I became interested in mystery sometime in the 1990s when I began reading Tony Hillerman, whose sleuths are two Navajo policemen.
What I liked about Hillerman’s books was that they dealt with social issues—the ongoing colonization of Native peoples—and that they presented stories from the points of view of people on the margins. I was especially drawn to Hillerman in the 1990s because I saw myself as living on a different sort of margin at my university. I was director of women’s studies, the faculty of which I had worked to make half women of color, and I and my program had formed deep personal connections with faculty in the four ethnic studies programs.
This community building took place, however, just as a newly prominent national development (often referred to as “the corporatization of the university”) had begun to make our already marginal positions less secure. With its ever greater focus on profit, my university administration was threatening to defund our programs. In the end, I am happy to say, the administrations’ very efforts to do away with women’s and ethnic studies prompted the faculty in these programs to form an even more tightly-knit community and to fight successfully for our survival.
When I began to write Oink, I followed Hillerman in making my main characters people on the margins of the university, faculty in women’s and ethnic studies, but the biggest issue I faced in outlining the novel was how to write about their issues so that a general audience would want to read about them. I was aware that puzzles and unsolved crimes keep people turning pages and that within different mystery genres there were additional inducements to reader engagement. Hillerman, of course, uses elements of the thriller. Guns booming in the dark always kept me reading. But I wanted a different feel for my novel, which would have a lot to say about the value of caring community both for our lives and for political resistance, so I turned to another genre, that of the cozy.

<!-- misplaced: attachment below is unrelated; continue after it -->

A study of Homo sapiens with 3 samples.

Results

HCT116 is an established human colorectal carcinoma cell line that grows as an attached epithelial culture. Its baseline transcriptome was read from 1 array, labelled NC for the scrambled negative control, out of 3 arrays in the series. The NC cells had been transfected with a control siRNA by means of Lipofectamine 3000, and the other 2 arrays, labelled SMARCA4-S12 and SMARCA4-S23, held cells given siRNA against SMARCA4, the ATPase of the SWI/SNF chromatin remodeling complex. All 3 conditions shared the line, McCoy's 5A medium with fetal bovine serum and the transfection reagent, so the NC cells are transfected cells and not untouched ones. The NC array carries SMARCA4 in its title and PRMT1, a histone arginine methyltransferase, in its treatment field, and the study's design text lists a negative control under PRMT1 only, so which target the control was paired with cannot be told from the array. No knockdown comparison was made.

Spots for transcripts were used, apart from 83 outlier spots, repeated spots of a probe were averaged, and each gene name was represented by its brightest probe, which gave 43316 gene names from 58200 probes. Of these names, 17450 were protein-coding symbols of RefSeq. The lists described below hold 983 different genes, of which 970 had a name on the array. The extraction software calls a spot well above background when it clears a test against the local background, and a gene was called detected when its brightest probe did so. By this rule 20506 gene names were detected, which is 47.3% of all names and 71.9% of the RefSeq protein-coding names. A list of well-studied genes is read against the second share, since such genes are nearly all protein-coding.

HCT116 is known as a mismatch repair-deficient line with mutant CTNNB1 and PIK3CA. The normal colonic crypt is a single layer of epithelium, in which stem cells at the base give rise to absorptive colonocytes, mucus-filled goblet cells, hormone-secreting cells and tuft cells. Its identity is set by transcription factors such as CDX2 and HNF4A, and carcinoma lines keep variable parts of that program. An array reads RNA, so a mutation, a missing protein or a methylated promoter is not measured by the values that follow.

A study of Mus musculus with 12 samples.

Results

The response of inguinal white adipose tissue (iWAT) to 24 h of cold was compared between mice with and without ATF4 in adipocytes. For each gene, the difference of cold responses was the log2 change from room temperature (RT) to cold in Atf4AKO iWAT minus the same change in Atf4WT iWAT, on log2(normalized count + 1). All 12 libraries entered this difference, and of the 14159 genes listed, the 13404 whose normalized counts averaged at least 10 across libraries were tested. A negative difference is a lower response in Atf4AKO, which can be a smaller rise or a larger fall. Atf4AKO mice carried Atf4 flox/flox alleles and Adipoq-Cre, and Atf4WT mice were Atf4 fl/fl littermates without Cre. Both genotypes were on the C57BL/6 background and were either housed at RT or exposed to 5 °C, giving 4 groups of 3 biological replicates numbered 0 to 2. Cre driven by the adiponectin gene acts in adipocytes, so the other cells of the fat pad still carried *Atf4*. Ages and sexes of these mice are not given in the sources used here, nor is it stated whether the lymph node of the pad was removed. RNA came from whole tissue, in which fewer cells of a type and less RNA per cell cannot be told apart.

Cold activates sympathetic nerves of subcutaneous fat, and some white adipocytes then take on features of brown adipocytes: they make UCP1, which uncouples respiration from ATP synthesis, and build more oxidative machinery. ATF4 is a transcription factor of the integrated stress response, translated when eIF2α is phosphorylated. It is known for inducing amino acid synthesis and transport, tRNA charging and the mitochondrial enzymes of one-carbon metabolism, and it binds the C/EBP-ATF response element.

Cozies are characteristically set in a small and valued community. By making one of the most valued communities in Oink that of a political coalition I gave this convention a political twist. Many cozies also involve food and come with recipes. The presence of food usually affirms pleasurable connection among the characters, a connection that is then extended outward to the reader through the inclusion of recipes. In Oink the same is true, although there the major connections being affirmed are among those resisting the university’s turn toward competition, self-interest, and profit. The inclusion of recipes pleasurably invites the reader into this alliance.
In Oink, moreover, as in the history on which it was based, gathering around food is one manifestation of a larger organizing impulse based upon “working on the relationship” through multiple acts of friendship, love, and support. This is a strategy which black women had already employed to organize grassroots communities during the Civil Rights Movement and it reappears in Oink among the women characters in particular.
The cozy’s quirky, often, female sleuth and its characteristic humor are also present in Oink and serve a related purpose. According to J. K. Gibson-Graham, our repertory of tactics for getting people together should include playfulness and humor, which can toss us on to the terrain of new possibilities. By fusing playfulness and humor with a story of struggle, I aimed to attach a sense of optimism and possibility to political resistance.
By merging Hillerman’s focus on social issues and marginal points of view with the conventions of the cozy I could write about some of the difficulties for people on the margins in the university and in the nation while also immersing the reader in experiences of connectedness, love, humor, and pleasure, experiences which I hope will keep the reader reading and which I identify both as ways to live a more fully human life and as crucial to effective struggles for social change. In a way I hadn’t anticipated, the continuation of these values seems ever more critical to our time.
What do you see as the advantages of or the difficulties in using cozies or other kinds of mystery to address social issues?